To the young person who just began working, retirement seems like a long ways off, and so is relegated into one of those financial goals that will be attended to later in life when there’s more money. However, life quickly gets in the way, and before you know it, you’re closer to retirement and have still not saved up an adequate amount to shield you once the time comes.
There is no ideal moment to start planning for life after work. The earlier you begin, the greater your advantage since you have a longer time in which to build your savings. Where the money is directed towards investments, your long-term investments will better to manage against the effects of short-term fluctuations.
When you begin later, you will have more work to do in order to grow your savings. Bear in mind that you will also have additional expenses such as raising a family, caring for your parents, repaying car and home loans, among others. At this point, because you have to avoid exposing your money to high risk-high return ventures, you are stuck with the low risk investments, which also offer lower returns.
- Defining your goals for retirement
Before you begin saving, a long and careful look at your future is necessary. When would you want to retire and what kind of life would you like to lead? Determine how much you will need to furnish that standard of living. Most financial advisors recommend that the monthly amount should be at least two thirds of what you earn just before retirement.
Nonetheless, the real amount will differ from one person to the next. Life expectancy in Singapore is greatly improved today, therefore plan for the number of years you expect your finances to last. You wouldn’t want a situation where you run out of finances and have to depend on others for help.
There are many tools online which can help you carry out the computations, if you cannot afford to consult a financial advisor. These provide an estimate of how much you need to set aside in order to meet your retirement objectives.
- Determining your current situation
Calculate how much money is likely to be in your CPF account, savings account, insurance and investments by the time you hit retirement, all factors held constant. Your goal should be to have paid off your financial liabilities by retirement in order to reduce the burden on your monthly income after retirement.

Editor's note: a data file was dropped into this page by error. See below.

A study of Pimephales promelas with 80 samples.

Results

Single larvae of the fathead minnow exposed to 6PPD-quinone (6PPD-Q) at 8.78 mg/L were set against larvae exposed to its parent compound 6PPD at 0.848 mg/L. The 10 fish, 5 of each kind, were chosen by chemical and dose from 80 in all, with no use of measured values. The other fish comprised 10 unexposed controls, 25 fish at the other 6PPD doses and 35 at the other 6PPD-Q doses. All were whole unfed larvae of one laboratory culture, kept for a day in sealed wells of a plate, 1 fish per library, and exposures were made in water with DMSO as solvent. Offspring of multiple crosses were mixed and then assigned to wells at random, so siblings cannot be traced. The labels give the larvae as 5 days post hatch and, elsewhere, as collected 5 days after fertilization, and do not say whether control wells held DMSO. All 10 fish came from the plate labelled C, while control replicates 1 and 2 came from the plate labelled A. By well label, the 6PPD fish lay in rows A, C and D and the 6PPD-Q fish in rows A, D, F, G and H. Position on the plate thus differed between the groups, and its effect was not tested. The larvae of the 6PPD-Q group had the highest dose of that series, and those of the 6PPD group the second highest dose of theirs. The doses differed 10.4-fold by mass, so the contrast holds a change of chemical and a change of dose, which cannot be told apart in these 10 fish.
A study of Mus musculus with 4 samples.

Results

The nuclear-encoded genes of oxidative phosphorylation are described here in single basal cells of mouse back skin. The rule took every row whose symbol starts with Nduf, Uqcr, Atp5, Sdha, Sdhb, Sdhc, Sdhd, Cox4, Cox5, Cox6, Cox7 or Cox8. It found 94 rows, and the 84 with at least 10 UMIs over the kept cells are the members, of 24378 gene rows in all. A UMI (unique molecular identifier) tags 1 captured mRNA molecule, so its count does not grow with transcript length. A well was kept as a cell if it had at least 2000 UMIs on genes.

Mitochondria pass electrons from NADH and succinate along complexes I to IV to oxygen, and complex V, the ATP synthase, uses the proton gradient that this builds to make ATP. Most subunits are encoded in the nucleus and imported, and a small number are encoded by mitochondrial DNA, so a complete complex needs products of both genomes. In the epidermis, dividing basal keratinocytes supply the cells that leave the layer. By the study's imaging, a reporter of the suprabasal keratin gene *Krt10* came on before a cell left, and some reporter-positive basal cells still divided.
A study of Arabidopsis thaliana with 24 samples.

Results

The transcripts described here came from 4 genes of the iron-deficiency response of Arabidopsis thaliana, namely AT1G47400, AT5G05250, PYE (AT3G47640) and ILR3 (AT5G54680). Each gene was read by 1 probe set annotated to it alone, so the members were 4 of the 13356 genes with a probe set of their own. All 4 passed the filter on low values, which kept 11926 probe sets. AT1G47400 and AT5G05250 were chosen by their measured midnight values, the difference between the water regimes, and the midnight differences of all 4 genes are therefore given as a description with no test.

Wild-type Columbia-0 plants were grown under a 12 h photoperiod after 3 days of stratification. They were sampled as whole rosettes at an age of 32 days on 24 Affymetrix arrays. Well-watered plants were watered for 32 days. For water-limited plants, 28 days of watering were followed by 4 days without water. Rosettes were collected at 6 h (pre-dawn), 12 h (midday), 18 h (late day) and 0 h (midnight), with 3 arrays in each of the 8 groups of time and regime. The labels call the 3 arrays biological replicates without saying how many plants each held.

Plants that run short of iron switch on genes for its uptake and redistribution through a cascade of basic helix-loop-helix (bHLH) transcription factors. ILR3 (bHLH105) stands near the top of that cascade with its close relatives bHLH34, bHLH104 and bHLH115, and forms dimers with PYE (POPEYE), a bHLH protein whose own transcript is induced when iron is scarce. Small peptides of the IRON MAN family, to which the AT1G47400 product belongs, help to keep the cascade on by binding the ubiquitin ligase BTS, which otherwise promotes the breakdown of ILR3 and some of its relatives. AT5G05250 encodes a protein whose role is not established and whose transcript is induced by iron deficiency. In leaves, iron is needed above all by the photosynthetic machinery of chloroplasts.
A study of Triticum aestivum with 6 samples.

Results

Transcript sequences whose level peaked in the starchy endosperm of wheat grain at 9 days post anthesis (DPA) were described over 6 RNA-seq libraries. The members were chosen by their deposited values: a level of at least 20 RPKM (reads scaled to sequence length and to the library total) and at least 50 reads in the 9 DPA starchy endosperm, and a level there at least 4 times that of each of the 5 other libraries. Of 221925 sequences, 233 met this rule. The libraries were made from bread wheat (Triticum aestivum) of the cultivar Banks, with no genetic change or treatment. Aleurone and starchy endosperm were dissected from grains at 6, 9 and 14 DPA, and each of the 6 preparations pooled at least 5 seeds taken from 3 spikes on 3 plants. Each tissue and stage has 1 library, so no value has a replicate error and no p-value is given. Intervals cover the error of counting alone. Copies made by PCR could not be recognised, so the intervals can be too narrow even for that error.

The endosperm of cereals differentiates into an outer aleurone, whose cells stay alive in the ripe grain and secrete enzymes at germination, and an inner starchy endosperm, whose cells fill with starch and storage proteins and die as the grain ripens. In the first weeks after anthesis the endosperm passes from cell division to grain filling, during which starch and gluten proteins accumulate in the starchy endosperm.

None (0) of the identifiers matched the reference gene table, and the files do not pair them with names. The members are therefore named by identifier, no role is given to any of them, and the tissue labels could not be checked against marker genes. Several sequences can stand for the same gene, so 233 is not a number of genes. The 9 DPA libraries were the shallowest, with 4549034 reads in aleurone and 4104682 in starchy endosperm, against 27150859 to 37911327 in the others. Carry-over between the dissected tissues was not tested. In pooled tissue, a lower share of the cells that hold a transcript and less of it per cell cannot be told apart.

Where you’re building savings for other goals like children’s education, have a comprehensive financial plan which will help you to properly allocate your resources towards your needs. Calculate the difference between the amount you want to have stocked up by retirement and what you have now. Spread the amount from now till retirement to figure out how much you need to save monthly to cover the shortfall. There are also online tools which can help you with this process.
You will also need to assess your insurance covers. Most likely, your healthcare costs will increase the older you grow. If your health insurance was pegged on your employer, you need to plan for insurance after retirement. Consider getting yourself covered for occurrences like critical illnesses, hospitalization, personal accidents and disability.
Explore the option of paying your premiums during your working life so that you don’t have to pay for insurance after retirement, but you still get the cover.
- Beginning the work
Put in place a foolproof approach to ensure you stay on top of your savings plan for retirement. For instance, you can make a standing order with your bank to have the amount dedicated once your salary comes in. Consider saving for retirement as binding as any other financial obligation you have, like paying a loan.
The best way to save for retirement is to place the money in a long-term investments plan. This helps you correct for inflation, since money loses value over time. Read widely on investing before selecting a plan you are comfortable with. As the sum grows, diversify your portfolio in order to balance out the risks and returns.
Determine how much you can afford to lose as this will determine the product you can take up. Take your time and consult widely with experts before taking up any investment product. You can also take advantage of the Supplementary Retirement Scheme which is a tax benefit scheme that rewards those saving for retirement.
Monitor your plan on a regular basis and make adjustments according to your changing situation as well as the current trend in the financial market. It’s natural to want to risk less as you grow older, and save more into your retirement kitty after your expenses decline. For instance, once you finish paying up a loan, consider redirecting the amount into your savings since you are used to living without it anyway.
If you need to reduce the amount you are saving, decide whether you are willing to compromise on the kind of life you want for yourself after retirement and calculate how much you can do without and still be comfortable.